Country of origin marking is an interesting phenomenon. Unlike most countries in the world, the United States has strict requirements that essentially every imported product be marked with its country of origin. This has been characterized as a rule to prevent confusion and deception, and thereby protect consumers. However, is also a positive sense in which marking is used to advertise quality and craftsmanship.

In Germany: Memories of a Nation, Neil MacGregor argues that the first producer of mass merchandise to mark authentic articles was the artist Albrecht Dürer. Dürer was a master artist while also utilizing the new (to Europe) technology of the printing press. Therefore, we was able to produce numerous prints of religious scenes, nature, and other “think pieces” to be sold across Europe. All of them were marked with Dürer’s distinctive AD mark (the art with this post). There is even some evidence that Dürer was not as concerned with his art being copied as he was that the copiers not use his logo in their copies!

While Dürer’s mark was not geographic, his status as one of the first successful mass marketers blazed a trail into the future. As fascinating as Dürer is (and I could go on and on), this history lesson very directly ties to today’s headlines, and even to social media memes. It turns out that Dürer was a man far ahead of his time in many ways, including foreseeing the rise of marketing “genuine” articles. We’ll start with today’s headlines.

Toblerone is famous for being a Swiss chocolatier that makes a particular chocolate confection. Swissness has been part of the product’s marketing for decades. In fact, the classic Toblerone bar included an image of the Matterhorn on the box, adding the fame of the Swiss Alps to the cache of being Swiss. Along with watches, Montblanc pens (see the mountain theme?), and Willliam Tell Toblerone was probably one of Switzerland’s best-known exports. However, in 2017 the Swiss Federal government recognized that there was a marketing benefit to being “Swiss” and passed a law limiting what could claim to be “Swiss.” Now that Toblerone’s parent company has decided to move some production out of Switzerland, Swiss law bars Toblerone from using the Swiss markings and label. Rest-assured, if you see the Matterhorn on chocolate, they will be genuine Swiss chocolate.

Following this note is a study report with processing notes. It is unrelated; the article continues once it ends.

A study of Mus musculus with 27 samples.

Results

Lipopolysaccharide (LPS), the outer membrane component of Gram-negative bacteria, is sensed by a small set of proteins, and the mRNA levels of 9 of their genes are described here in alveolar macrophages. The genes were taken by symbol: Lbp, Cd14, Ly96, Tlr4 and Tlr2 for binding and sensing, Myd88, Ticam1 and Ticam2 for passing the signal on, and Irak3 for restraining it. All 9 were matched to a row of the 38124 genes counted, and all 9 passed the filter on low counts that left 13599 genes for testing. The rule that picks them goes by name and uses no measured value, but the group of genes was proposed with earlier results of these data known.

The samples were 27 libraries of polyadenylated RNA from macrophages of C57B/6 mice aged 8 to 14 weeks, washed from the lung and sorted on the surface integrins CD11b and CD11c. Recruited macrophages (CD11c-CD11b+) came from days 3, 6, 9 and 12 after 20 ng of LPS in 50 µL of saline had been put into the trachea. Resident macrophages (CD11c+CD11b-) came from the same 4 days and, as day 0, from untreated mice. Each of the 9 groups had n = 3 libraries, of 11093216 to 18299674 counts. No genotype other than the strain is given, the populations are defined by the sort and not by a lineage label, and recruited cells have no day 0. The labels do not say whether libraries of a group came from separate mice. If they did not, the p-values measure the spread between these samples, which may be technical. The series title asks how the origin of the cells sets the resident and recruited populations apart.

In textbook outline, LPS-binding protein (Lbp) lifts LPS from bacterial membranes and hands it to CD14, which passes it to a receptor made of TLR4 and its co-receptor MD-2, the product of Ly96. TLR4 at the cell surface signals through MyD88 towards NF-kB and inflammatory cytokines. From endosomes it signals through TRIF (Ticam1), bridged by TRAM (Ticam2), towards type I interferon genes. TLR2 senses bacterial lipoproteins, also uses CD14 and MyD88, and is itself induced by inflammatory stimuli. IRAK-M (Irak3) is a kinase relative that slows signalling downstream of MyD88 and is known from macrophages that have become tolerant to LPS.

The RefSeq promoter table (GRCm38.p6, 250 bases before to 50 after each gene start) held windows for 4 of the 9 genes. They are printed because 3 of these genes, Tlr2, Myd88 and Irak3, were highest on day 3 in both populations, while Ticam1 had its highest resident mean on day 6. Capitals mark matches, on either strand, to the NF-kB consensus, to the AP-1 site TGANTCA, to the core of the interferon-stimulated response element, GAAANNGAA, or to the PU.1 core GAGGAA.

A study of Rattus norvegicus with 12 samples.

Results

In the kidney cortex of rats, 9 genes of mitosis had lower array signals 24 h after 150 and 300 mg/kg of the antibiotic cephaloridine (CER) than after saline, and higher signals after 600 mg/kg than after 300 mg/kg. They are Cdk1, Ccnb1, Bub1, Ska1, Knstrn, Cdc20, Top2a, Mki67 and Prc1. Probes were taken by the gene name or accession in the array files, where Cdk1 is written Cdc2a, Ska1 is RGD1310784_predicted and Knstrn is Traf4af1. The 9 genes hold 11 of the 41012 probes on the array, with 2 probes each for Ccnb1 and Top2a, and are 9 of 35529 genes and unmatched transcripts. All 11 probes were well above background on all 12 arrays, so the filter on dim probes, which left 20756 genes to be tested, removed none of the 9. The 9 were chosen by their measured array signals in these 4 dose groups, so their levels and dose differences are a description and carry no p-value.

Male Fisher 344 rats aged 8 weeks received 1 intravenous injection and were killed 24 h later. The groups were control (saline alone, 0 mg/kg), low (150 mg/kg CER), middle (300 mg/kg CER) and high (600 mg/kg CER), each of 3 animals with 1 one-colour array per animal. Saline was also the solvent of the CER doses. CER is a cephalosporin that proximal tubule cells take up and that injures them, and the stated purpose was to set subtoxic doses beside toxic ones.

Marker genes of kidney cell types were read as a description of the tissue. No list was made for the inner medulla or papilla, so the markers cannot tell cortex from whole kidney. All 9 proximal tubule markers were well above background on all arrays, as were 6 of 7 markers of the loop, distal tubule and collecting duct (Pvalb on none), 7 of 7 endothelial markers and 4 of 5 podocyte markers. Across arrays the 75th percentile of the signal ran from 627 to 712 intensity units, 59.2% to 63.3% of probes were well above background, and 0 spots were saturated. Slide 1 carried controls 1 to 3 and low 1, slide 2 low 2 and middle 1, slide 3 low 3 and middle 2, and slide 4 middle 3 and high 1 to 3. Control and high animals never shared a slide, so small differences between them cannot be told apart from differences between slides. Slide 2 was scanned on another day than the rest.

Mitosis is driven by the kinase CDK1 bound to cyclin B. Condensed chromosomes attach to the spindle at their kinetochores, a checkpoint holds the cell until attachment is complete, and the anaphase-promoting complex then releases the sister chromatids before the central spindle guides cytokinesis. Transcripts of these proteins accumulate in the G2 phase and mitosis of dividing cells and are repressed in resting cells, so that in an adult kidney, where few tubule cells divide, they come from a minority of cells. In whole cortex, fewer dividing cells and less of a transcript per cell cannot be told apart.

At the same time (more or less), the United States Food Safety and Inspection Service (“FSIS”) has introduced new draft guidelines for voluntary marking of meat, poultry, and egg products. The voluntary marking is putting either “Product of USA” or “Made in USA” on these products, and FSIS is proposing to require that single ingredient products like meat would have to be “born, raised, slaughtered, and processed in the United States” to be so marked. Multi-ingredient products would be required to have “all . . . ingredients, other than spices and flavorings, [be] of domestic origin (i.e., all preparation and processing steps of the ingredients are completed in the United States).” Clearly, within the United States there is a sense that there is a value to ensuring that goods are genuinely and authentically local.

So, that covers the headlines. What about memes? Well, you know the meme form reflected in this tweet: It’s only Cheese Whiz if it’s from Whiz County, Wisconsin – otherwise it’s just sparkling cheddar. (Just know there were about a million other tweets I could have chosen, but they were mostly a little blue, ahem). That meme form is an encapsulation of the European Union geographical indications program(s). The general idea is that products from specific places have “a reputation - a given quality or other characteristics of a product essentially attributable to it” and this should be protected. Thus, if you order a glass of Pálinka in Europe you can rest assured that what you are served will be from Hungary, or one of four provinces in Austria. There are (many) other fruit brandies, but only a select few are “Pálinka.” The same is true with Jamón Serrano from Spain (which might be nice if you’re drinking Pálinka). There are hundreds of hams in Europe, but only Jamón from Serrano will be arrive when that’s what you order. There are literally hundreds of such geographical indications, all intended to protect the reputation of the goods with that name.

What can we understand from U.S. origin marking laws, a German Renaissance artist, a law on Swissness, U.S. voluntary meat marking rules, and meme-inducing geographical indication protections? The thread that runs through all of these is that as long as there have been mass produced items, people have wanted to know about their origin. It may be that part of the movement the world has seen toward shorter supply chains, near shoring, reshoring, and redeveloping historic trade relationships reflects the difficulty in understanding origin as part of an extraordinarily complex global supply chains. While the pandemic and attendant trade disruptions were surely drivers of these movements, there is also a sense among at least some consumers that there is simply too much complexity and too little transparency. Whether it’s expressed as seeking resiliency, protecting human rights, or seeking sustainability the desire for more supply chain transparency seems to be the same as in the 1500s in Europe.

If you have questions about country of origin marking do not hesitate to contact any attorney at Barnes, Richardson & Colburn. We can also talk about Dürer’s remarkable legacy if that’s of interest.

By the way, if your geographical indication rules are not E.U. sanctioned I believe they are just sparkling indication rules.